After our trip to the pumpkin patch, it was just a matter of time before our pumpkins got new faces. Jack put on A Nightmare Before Christmas and we whipped out the carving tools.
First, the girls played around with Jack’s oversized pumpkin. It was, after all, forty-five pounds.
Claire kept making an amusing face and repeatedly uttered, “Oooo-oooo,” while she slapped the pumpkin. It was obviously incredibly interesting to her.
Evelyn was much more helpful this year. Last time, the slimy pumpkin guts were too much and she refused to reach her hand in. This time, there was a gross fascination with it and she dug most of it out herself, expertly sifting the seeds from the pulp.
She dictated to me what the face should look like–how many teeth, the shape of the eyes, how many eyelashes. Then she sat on my lap and watched me carve.
She did the same with Claire’s little pie pumpkin. Man, that thing was tough! At least it turned out cute so I suppose it was worth the effort.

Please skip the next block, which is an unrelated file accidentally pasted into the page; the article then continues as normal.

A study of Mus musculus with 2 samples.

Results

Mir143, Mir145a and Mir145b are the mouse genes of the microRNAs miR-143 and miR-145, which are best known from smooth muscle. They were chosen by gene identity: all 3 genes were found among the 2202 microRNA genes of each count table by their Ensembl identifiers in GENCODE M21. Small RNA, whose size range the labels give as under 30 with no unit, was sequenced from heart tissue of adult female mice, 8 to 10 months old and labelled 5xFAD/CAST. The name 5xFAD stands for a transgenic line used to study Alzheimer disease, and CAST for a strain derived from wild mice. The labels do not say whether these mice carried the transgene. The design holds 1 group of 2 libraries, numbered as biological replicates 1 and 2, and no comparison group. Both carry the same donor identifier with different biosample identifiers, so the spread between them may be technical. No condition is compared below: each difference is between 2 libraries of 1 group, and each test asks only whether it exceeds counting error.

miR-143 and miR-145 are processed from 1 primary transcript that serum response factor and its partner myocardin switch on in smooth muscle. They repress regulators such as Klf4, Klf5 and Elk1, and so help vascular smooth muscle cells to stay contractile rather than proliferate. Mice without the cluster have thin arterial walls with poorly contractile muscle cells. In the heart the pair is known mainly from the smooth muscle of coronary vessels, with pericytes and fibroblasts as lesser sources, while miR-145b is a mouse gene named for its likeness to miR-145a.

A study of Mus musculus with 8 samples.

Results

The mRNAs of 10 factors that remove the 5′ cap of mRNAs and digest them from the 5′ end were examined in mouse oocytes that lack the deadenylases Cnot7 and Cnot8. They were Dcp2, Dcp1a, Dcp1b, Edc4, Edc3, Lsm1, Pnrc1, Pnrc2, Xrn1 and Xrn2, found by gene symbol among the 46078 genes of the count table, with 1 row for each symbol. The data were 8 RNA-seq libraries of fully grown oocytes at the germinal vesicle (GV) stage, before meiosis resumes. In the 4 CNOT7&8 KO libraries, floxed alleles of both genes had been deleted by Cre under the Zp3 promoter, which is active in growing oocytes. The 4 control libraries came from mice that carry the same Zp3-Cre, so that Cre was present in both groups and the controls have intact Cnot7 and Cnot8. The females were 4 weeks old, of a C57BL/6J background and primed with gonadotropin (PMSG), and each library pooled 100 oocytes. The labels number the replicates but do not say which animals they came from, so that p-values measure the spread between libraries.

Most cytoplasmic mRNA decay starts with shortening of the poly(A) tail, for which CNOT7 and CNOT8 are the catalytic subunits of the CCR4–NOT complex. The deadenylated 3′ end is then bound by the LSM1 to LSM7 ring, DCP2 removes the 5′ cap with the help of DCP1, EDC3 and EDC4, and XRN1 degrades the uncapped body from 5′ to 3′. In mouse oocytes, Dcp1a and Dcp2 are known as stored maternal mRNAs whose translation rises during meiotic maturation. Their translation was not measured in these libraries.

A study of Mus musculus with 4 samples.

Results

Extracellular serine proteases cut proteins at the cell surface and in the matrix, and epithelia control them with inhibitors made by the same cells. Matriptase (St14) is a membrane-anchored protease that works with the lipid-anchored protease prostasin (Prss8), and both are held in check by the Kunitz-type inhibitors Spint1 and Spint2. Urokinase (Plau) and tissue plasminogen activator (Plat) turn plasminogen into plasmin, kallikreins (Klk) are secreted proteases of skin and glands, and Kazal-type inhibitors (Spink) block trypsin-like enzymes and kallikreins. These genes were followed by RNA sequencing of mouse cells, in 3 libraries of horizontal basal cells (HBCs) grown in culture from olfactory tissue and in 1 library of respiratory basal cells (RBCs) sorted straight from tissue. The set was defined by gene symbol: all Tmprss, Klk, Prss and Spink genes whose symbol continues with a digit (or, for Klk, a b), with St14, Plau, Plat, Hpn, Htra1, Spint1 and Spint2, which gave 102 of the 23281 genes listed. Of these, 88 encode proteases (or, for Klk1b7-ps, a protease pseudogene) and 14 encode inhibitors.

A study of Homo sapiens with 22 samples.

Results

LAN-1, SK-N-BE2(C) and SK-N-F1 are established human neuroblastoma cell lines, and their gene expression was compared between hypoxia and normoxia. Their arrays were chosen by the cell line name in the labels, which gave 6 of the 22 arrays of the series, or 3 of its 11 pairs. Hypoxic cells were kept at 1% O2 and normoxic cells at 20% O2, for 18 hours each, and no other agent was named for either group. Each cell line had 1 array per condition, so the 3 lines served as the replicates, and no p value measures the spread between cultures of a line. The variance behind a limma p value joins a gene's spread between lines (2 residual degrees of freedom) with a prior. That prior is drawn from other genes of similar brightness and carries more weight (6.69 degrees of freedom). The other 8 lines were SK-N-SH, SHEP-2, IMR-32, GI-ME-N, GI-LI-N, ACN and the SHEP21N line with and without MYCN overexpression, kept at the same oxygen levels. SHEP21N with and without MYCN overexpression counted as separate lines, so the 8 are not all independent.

I etched a witch into my jack-o-lantern, complete with a long carrot nose.
In the time I gutted and carved three pumpkins, Jack barely had time to hack a thick face into his. For a few years now, he’s sculpted his pumpkin rather than carved it. It turned out pretty good this year.
It was some kind of vampiric Frankenstein monster or something. I think it turned out sufficiently creepy.
So, we lit the pumpkins before we sent Evelyn up to bed. Hers and Claire’s definitely glowed the best.
The poor carved gourds didn’t even last the night. The frost in the midnight hour weakened them which, when they thawed in the warm morning sun, turned to a wrinkly mush. My witch’s nose deflated and Jack’s dried out pumpkin face became more defined. Oh, well. I suppose it just made them more spooky.